DermNet provides Google Translate, a free machine translation service. Note that this may not provide an exact translation in all languages
Author: Mark Duffill, Dermatologist, Hamilton, New Zealand, 2001. Updated by A/Prof Amanda Oakley, Dermatologist, Hamilton, New Zealand, November 2017.
Orf is a zoonotic viral skin infection that is contracted from sheep and goats. It is caused by the parapox virus, a large DNA virus that replicates in cellular cytoplasm.
Orf mainly infects young lambs and goats who contract the infection from one another or possibly from persistence of the virus in the pastures or sheds. The disease is called contagious pustular dermatitis or scabby mouth in the animal because it forms crusts and scabs around nose, mouth, teats and elsewhere. As it reduces suckling, the animal can lose weight. The disease lasts about six weeks. It is highly contagious, so several animals in the herd may be infected.
Who gets orf?
Human lesions are caused by direct inoculation of infected material, often through an existing scratch or cut.
Orf is a risk for sheep farmers, shearers, freezing workers, or anyone that bottle-feeds a lamb. Children may also acquire it from playing on infected pasture or in a sheep shed. Butchers, meat porters and housewives are sometimes infected from carcasses, especially sheep heads.
Human orf has been reported after accidental contact with orf virus vaccine intended for the animals.
It is not usually transmitted from human to human, although this has been rarely reported.
What are the clinical features of orf?
Orf lesions are generally solitary or few in number. They occur most commonly on the fingers, hands or forearms but can appear on the face.
After an incubation period of 5–6 days, a small, firm, red or reddish-blue lump enlarges to form a flat-topped, blood-tinged pustule or blister. The fully developed lesion is usually 2–3 cm in diameter but may be as large as 5 cm. Characteristically, although there appears to be pus under the white skin, incising this will reveal firm, red tissue underneath. The orf lesion is sometimes irritable during the early stages and is often tender.
Red streaks up the lymph channels (lymphangitis) with enlargement of the lymph glands on the inner side of the elbow and/or under the arm (lymphadenopathy) are not uncommon. There may be a mild fever.
Secondary bacterial infection can occur.
Patients who are immune deficient or immune suppressed may develop larger or unusual orf lesions. Rarely widespread small blisters may occur, suggesting blood stream spread of the orf virus, but resolve after a few weeks.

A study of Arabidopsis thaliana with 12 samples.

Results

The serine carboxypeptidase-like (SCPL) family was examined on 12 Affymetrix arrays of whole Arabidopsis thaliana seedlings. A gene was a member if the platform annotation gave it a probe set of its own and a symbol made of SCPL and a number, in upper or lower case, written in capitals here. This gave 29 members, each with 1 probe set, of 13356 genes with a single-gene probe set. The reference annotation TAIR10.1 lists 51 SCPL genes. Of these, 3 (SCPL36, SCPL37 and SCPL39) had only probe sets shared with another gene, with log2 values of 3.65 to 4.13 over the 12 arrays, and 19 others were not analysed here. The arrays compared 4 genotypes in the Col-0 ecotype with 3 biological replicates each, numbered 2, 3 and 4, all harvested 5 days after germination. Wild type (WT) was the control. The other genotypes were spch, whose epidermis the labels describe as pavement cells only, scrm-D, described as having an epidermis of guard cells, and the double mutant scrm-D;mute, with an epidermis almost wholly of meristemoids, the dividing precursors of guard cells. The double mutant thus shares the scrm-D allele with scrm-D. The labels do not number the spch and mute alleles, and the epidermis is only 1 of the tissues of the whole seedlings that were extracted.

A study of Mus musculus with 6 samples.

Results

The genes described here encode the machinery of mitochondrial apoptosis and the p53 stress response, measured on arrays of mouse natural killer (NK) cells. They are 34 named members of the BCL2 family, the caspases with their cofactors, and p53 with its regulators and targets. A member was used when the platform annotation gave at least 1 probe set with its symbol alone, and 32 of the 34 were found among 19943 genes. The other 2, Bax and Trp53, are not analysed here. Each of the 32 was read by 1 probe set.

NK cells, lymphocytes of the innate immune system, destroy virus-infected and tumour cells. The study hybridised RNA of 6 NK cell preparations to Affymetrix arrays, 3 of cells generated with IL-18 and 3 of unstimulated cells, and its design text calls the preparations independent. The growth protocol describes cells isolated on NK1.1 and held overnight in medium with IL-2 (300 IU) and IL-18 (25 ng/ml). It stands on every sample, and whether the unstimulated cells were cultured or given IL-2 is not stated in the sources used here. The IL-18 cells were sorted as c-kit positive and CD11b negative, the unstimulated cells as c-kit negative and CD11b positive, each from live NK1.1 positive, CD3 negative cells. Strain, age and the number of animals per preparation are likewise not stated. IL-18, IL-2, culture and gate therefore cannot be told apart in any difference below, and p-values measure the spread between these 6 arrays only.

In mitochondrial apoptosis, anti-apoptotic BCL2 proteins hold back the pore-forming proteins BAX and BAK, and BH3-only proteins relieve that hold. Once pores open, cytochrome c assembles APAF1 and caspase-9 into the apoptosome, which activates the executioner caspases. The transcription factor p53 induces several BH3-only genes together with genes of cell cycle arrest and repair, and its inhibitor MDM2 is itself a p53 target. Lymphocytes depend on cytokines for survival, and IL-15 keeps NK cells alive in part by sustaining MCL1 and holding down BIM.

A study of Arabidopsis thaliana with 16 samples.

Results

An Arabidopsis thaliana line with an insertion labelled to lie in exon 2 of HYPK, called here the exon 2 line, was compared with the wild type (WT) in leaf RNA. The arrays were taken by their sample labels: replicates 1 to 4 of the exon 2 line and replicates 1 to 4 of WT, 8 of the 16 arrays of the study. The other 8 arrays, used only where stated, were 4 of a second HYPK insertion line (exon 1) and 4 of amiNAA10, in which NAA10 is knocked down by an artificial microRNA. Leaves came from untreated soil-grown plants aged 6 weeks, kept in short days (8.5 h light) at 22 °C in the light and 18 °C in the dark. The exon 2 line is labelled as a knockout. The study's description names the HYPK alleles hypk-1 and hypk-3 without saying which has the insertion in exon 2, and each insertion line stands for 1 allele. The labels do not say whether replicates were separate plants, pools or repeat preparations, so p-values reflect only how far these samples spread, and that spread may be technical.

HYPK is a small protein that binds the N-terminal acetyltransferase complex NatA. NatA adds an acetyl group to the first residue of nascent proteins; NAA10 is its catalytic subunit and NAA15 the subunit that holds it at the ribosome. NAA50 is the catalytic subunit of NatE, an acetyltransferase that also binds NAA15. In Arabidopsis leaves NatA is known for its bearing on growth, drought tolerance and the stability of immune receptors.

Erythema multiforme, a secondary rash to the presence of the orf virus, may develop 10–14 days after the onset of orf. It results in targetoid macules, plaques and blisters on the hands and feet, face, arms and legs. Less distinctive red rashes, 'toxic erythemas' also occur, and rarely the blistering disorder, pemphigoid.
Orf is generally diagnosed clinically, in a person that has been handling sheep or goats.
The infection can be confirmed on a viral swab, skin biopsy or vesicular fluid by polymerase chain reaction (PCR). It can also be identified by electron microscopy.
A similar condition, caused by a related virus, occurs in dairy farmers and is called milkers' nodule.
No specific treatment is necessary in most cases, as orf usually clears up by itself in about 6 weeks. The lesion should be covered to prevent contaminating the environment or other people, although person-to-person spread is very uncommon. Large lesions can be removed by shave excision.
Imiquimod cream has been reported to be effective in a few cases of orf.
Sheep and goat farmers should be aware of the possibility of orf and wear non-porous rubber gloves when handling the animals, particularly lambs and kids. Wash hands thoroughly or use an antiseptic gel to reduce the chance of infection.
Although people can develop multiple orf infections, some immunity to the virus is acquired after the first infection, so that it is less severe on subsequent occasions.
The disease can be minimised in sheep and goats by lower stocking rates and outdoor lambing. Vaccination of the herd using a live virus is recommended if there is a significant outbreak of orf. The vaccine causes a mild orf scab to develop at the vaccination site and should not be used in healthy herds where there is no history of orf. Vaccinated animals should be kept separate from unvaccinated animals until the scab has healed. Sheds should be thoroughly cleaned and disinfected.
© 2020 DermNet New Zealand Trust.
DermNet NZ does not provide an online consultation service. If you have any concerns with your skin or its treatment, see a dermatologist for advice.